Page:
The Tesla Turbine

Paracelsus

Nikola Tesla's Revolutionary Engine Still Lies Untouched, Here's How It Works
(PDF) Development Of Tesla Turbine For Green Energy Applications
Tesla Turbine
Study and Design of Bladeless Tesla Turbine

TeslaTurbineOriginal.png

The Tesla turbine works like all conventional pumps, you have an intake and a discharge side, but, this is where the similarities end. Conventional pumps are built around the bladed impeller and spin in a single direction. Tesla concieved of something entirely different, a pump that uses a series of discs that look and act similar to the friction plate on a manual transmission.
How Clutches Work

As fluid is introduced, the central shaft begins to rotate - which the plates are mated to. Due to the principle of the "boundary layer effect" the inherent friction and viscosity of the fluid grabs these plates and causes the pump to increase in speed. As the pump speed increases (measured in rpm's, not discharge volume yet) the efficiency increases. Being a former volunteer firefighter I've spent a decent amount of time around water pumps as a driver operator and engineer. Generally, centrifugal pumps are connected to either a PTO (powered take-off), or have their own engine. Tesla's turbine/pump requires neither, or the requisite priming.

Now this is where the concept gets more interesting. As you add or subtract turbine discs so you increase or decrease pump speed in rpm's (rotations per minute) and pump discharge rate in gpm's (gallons per minute). You could also increase or decrease pump speed or efficiency by increasing the diameter of the turbine discs as well.

Based on the explanations and diagrams, this turbine not only looks feasible, but highly applicable and scalable. Everything I research I research for a singlular purpose - I want to build it. I'll be constructing some water cisterns next year and want to build a Tesla turbine for my inevitable pumping requirements.

If you've made it to here, feel free to weigh in on materials science or over-unity, I'm mostly thinking out loud.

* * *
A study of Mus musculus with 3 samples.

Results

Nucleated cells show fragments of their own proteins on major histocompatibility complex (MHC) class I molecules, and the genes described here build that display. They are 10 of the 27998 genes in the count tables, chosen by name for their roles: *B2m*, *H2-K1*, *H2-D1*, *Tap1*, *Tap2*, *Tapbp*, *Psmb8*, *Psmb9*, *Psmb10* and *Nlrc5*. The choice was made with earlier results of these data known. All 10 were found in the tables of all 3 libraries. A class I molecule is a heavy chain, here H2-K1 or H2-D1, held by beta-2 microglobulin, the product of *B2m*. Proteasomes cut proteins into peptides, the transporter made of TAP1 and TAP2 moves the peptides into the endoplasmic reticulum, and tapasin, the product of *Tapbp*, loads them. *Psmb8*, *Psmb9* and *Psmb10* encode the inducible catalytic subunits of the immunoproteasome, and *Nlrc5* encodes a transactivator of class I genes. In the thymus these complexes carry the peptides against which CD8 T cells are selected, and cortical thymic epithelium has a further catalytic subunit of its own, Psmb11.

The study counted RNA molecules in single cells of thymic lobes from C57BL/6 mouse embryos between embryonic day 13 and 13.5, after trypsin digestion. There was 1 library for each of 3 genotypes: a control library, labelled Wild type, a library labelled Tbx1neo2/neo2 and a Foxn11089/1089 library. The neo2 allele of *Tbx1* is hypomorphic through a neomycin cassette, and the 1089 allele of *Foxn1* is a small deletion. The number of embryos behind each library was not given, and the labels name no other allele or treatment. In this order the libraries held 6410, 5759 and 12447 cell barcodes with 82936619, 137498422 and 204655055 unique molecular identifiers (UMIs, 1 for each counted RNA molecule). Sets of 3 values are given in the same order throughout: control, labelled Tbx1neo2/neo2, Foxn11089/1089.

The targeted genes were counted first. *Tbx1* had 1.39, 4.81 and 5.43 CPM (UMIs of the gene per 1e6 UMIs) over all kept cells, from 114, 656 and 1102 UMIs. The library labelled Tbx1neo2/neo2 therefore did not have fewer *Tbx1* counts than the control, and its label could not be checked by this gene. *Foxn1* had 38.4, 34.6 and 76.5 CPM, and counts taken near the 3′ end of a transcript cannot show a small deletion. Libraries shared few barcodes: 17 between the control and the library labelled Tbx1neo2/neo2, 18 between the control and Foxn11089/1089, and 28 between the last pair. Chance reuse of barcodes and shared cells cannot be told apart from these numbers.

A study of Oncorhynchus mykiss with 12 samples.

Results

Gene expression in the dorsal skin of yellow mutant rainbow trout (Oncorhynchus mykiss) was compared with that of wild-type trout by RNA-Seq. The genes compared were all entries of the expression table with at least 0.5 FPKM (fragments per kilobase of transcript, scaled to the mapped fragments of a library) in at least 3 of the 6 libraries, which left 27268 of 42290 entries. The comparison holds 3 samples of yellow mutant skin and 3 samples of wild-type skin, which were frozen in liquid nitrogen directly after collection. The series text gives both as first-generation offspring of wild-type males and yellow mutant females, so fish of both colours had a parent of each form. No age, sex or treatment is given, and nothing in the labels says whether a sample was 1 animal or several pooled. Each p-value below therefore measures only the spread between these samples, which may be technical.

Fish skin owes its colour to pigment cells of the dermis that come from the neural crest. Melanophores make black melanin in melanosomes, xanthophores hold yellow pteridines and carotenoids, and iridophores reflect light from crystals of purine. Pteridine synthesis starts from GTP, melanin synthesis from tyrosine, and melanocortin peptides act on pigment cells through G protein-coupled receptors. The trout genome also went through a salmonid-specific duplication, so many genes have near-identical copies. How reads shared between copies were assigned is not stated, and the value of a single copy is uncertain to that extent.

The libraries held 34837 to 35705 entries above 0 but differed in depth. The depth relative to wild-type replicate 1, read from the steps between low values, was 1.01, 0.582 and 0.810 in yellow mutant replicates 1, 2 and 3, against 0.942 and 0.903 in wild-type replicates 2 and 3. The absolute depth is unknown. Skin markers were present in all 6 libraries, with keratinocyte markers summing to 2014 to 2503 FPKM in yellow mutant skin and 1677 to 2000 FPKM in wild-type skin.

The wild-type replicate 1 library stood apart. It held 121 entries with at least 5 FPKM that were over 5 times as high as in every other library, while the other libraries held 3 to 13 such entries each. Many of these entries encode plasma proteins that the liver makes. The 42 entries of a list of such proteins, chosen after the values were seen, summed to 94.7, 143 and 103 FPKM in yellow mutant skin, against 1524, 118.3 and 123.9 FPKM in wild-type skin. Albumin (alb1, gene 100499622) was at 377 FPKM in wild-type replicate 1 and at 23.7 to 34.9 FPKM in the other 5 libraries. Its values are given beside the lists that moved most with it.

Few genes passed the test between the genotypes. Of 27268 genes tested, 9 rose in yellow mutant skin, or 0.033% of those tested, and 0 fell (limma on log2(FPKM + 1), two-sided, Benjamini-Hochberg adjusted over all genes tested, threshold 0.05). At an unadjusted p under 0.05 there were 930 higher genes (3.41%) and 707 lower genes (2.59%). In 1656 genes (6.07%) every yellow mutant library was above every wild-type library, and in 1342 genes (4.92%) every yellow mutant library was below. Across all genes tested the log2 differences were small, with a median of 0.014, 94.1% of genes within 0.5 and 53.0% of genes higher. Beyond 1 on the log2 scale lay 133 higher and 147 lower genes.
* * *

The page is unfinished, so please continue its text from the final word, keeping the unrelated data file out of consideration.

whitewave


There's a guy in Oklahoma that built (what he claims is) the biggest Tesla coil in the world. Every year he has a pot luck/demonstration in his yard that is awesome to attend/watch. I'm not smart enough to know how to use one to power my washer/dryer but it sure is cool to see one in action. :)
 

Dirigible


There's a guy in Oklahoma that built (what he claims is) the biggest Tesla coil in the world. Every year he has a pot luck/demonstration in his yard that is awesome to attend/watch. I'm not smart enough to know how to use one to power my washer/dryer but it sure is cool to see one in action. :)
Any videos or news stories about this?
 

Paracelsus

There was always a Tesla coil at the science fair as a little kid. I was probably the last generation where you could actually touch the housing to feel the elctromagnetic energy field. Liability has ruined alot of fun.
 

ISeenItFirst


Its like most turbines/pumps. Add compressed fluid (air in this case qualifies) and it spins. Spin it and it pumps fluid. Most turbines/pumps are not reversible though(well some are, but typically suffer a large loss of efficiency in reverse). This one has a couple other advantages as well. Crazy efficiency when it gets up to speed. Would love to see what the power graphs would look like. Any design formulas would be cool as well.
There is a video of a little one running on compressed air at the end of the article in the first link. It spins at an impressive 81k rpms. They don't mention psi of air input. That's moving pretty fast.
 

Paracelsus

As an engine it's the torsional energy from the main drive shaft you're looking for, with the fluid input acting as the motive force. Provided the fluid doesn't heat up too much and lose viscosity you could continuously recirculate it in a closed loop. Thus the knock that this is just another "perpetual motion" machine.

As far as needing an auxiliary motor or PTO, you really don't. Provided you get the turbine discs or main shaft spinning it will remain spinning. You could even use an electromagnetic transmission to regulate RPM's. There is a really cool device called a KLAM brake that is used on heavy vehicles. It's a giant electromagnet that slows the rotation of the drive shaft and has different levels of impedance. I've even had the chance to use it while driving water tenders, it's pretty cool.
KLAM Magnetic Retarder System
 

ISeenItFirst


I do not see any perpetual motion here. Unless you mean to take the exhaust ports and pipe them to the intake port. I have not seen one described that way, and i would bet dollars to donuts it would not function as a forever spinning engine if you did.